Bafta-winning writer Graham Linehan has praised TV presenters Richard Ayoade and Jonathan Ross for their “bravery” in supporting his new memoir about being “cancelled” after criticising the trans rights movement.
The Father Ted creator, 55, who also wrote TV sitcoms The IT Crowd and Black Books, has written a new book titled Tough Crowd: How I Made And Lost A Career In Comedy which features positive reviews from Ayoade and Ross on the front cover.
Both the comedians received a backlash online for their reviews, which saw IT Crowd star Ayoade describe the memoir as an “extraordinary and chilling portrayal of cancel culture”, while chat show host Ross said it was a “compelling and unflinchingly honest” memoir.
On Saturday, Irishman Linehan was asked about the TV stars’ support while he was protesting at a Let Women Speak rally in Merrion Square in Dublin.
“I just think that’s what the vast majority of people really feel,” he told the PA news agency.
“It’s only a few extremists who think that women shouldn’t have their own sports and their own private spaces.
“I’m hoping that their bravery will mean that other people can just say what they think about this subject.”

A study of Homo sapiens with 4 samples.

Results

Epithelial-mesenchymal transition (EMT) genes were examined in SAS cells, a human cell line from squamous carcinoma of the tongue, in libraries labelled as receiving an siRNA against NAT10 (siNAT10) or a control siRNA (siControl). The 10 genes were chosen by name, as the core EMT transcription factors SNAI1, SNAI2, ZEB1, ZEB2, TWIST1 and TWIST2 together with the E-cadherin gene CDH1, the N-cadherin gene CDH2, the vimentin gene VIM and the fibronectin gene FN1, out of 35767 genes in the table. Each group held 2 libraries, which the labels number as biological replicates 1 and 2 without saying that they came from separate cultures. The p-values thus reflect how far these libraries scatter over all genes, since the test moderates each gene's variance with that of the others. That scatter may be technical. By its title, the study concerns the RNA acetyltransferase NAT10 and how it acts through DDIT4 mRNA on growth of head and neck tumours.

The book, set for release on October 12, is billed as an “emotionally charged memoir” that details the so-called unravelling of his career after he “championed an unfashionable cause”.
It comes after Linehan had two venues in the Edinburgh Festival Fringe refuse to host his comedy show this year.
Leith Arches said the decision to cancel the booking was because his views did not “align” with their overall values.
Linehan, who has won five Bafta awards as well as a lifetime achievement award during his career, went on to host his comedy routine outside the Scottish Parliament in an open air show.
The synopsis for his upcoming memoir states Linehan “berates an industry where there was no-one to stand by his side when he needed help”.
It added: “Bruised but not beaten, he explains why he chose the hill of women and girls’ rights to die on – and why, despite the hardship of cancellation, he’s not coming down from it any time soon.”
In the reviews section, Ayoade wrote: “A brilliant account of the evolution of a comedy writer, but also an extraordinary and chilling portrayal of cancel culture. I found it unputdownable.”
While Ross said: “One of the most compelling and unflinchingly honest memoirs I’ve read in many years. It’s also the funniest.”